We see a lot of deer.
Most of the 2800 miles of roadway on Prince of Wales are shot rock, so overgrown that they’ve long been incompatible with vehicular transportation. But Sitka black tailed deer are more maneuverable than your average logging truck, and they are the new infrastructure connoisseurs, annexing the old roads through the dense brush that marks old clear cuts.
Deer walking in the road, standing on the shoulder, in forests, beaches, clear cuts, estuaries: more deer than I’ve ever seen in my life.
We see the first fawn on June 1st.
In fact, when we leave camp in the morning, there are baby deer everywhere. Every adult we see is accompanied by a miniature of itself, stumbling around drunk on spindly legs, nursing on the side of the road, collapsing in the middle of the asphalt if it gets tired. The fawns poke around on their hooves like tiny machines, as if the Tripod machines from War of the Worlds had been cross-bred with bunnies.
“The deer have a calendar,” the city administrator of Craig tells us, when we’re drinking coffee in his office to get out of the rain, chatting about the local fish processing plant which won’t be operating this year and the phenomenon of the fawns’ appearances. “June first,” he says. “Somehow, they always know.”
I’m impressed with their punctuality: imagine what it would be like if the year’s supply of human babies were all born on June 1st.
“You guys know you’re not supposed to touch them, right?” he says.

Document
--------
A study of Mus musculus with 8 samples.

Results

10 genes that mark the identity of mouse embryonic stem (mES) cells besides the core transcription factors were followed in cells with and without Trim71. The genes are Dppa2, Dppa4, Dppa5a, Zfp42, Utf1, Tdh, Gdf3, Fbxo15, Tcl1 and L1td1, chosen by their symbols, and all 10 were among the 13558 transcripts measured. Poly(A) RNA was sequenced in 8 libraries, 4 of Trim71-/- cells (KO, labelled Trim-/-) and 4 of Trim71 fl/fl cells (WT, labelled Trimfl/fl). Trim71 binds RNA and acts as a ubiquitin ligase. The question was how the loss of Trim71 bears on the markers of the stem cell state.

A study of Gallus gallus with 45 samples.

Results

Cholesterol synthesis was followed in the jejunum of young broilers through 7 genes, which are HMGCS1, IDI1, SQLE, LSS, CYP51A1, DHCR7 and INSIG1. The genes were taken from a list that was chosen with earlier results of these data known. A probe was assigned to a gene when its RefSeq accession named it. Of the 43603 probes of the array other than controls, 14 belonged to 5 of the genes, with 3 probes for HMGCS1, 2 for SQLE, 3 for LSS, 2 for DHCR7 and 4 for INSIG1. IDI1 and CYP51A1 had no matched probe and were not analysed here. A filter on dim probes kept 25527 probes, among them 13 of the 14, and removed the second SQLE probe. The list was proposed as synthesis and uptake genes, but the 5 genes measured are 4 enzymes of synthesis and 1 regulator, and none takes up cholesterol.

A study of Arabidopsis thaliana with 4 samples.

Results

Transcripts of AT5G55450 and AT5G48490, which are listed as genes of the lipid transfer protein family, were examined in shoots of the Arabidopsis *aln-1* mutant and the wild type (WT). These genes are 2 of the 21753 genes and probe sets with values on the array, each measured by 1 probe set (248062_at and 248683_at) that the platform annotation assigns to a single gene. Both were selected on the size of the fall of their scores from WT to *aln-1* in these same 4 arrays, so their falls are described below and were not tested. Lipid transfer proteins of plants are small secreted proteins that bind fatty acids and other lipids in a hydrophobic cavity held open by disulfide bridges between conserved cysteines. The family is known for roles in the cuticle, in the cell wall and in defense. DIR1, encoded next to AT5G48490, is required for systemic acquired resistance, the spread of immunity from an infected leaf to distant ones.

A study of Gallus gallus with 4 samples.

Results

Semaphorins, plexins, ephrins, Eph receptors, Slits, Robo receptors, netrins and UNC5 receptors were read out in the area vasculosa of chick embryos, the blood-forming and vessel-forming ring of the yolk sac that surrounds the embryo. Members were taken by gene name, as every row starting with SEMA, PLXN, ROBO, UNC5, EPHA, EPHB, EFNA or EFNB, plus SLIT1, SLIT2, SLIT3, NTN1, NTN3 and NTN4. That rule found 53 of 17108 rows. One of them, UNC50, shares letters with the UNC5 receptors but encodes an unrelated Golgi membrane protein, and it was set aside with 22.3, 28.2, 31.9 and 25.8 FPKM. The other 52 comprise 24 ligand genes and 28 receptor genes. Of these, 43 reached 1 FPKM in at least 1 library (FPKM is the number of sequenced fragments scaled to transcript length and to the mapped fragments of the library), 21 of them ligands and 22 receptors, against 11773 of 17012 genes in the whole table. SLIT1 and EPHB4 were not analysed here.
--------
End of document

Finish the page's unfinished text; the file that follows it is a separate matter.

In Alaska, this is not the typical warning you get about animals. It’s usually more along the lines of, did you bring a gun with you, or hey, where’s the bear spray, or jeez, watch out for that awful smell which has started roaring and rustling in the bushes.
But the little deer are different. They’ve got no defense mechanism but laying very, very still, wherever they happen to be. They’re born scentless. If their mothers sense danger, they run for the woods, trying to draw predators away with their smell. The babes wait in the underbrush for their return, nearly impossible to find. “Unless you step on one,” the city administrator says.
Which I think is just a figure of speech, until the city administrator recounts the time that he was out with his dog, and while stepping from one log to another, looked down to see a tiny fawn looking up between his feet. The dog was a step behind him, and he panicked, unsure what the dog would do, unsure what he could do to save the deer — and he turned around to watch as the dog just walked over it, oblivious, literally stepping on it without noticing, wagging its tail and catching up with him.
We do know we’re not supposed to touch the fawns — it makes them smell like humans, detectable to predators, and alien to their mothers, who then might actually leave them for good.
But it’s still worth the reminder that the city administrator gives us. Later that day, we find a little one standing by itself in the road. It sinks down to the ground when we walk over, absolutely still, as if it has spent the day patiently waiting for us to show up.
Even Reid, who disavows animal cuteness of all kinds, and is deeply skeptical about the concept of pets, asks, “Do you think it’s okay? Do you think it’s abandoned? Should we call someone?”
I think it’s fine, I say. It’s just waiting for its mother to come back. But the urge to reach out and touch it, to gather it up and nestle it away into the trunk of the car is almost magnetic. It’s just so cute! And small! And laying alone next to a highway!
It’s hard to get back into our car and leave it there, alone. Even armed with knowledge about its scentlessness, knowing its mother is probably hiding close by and waiting for us to leave, knowing its coat is designed to camouflage it, knowing that just our smell poisons its chances at survival, it still feels irresponsible to drive away.
Humans are funny that way. We’ve got opposable thumbs, and big brains — but we’ve also got these big dumb hearts. We might be the species that dominates the planet, but our instincts kind of suck.
It’s no wonder the deer are taking back the roads.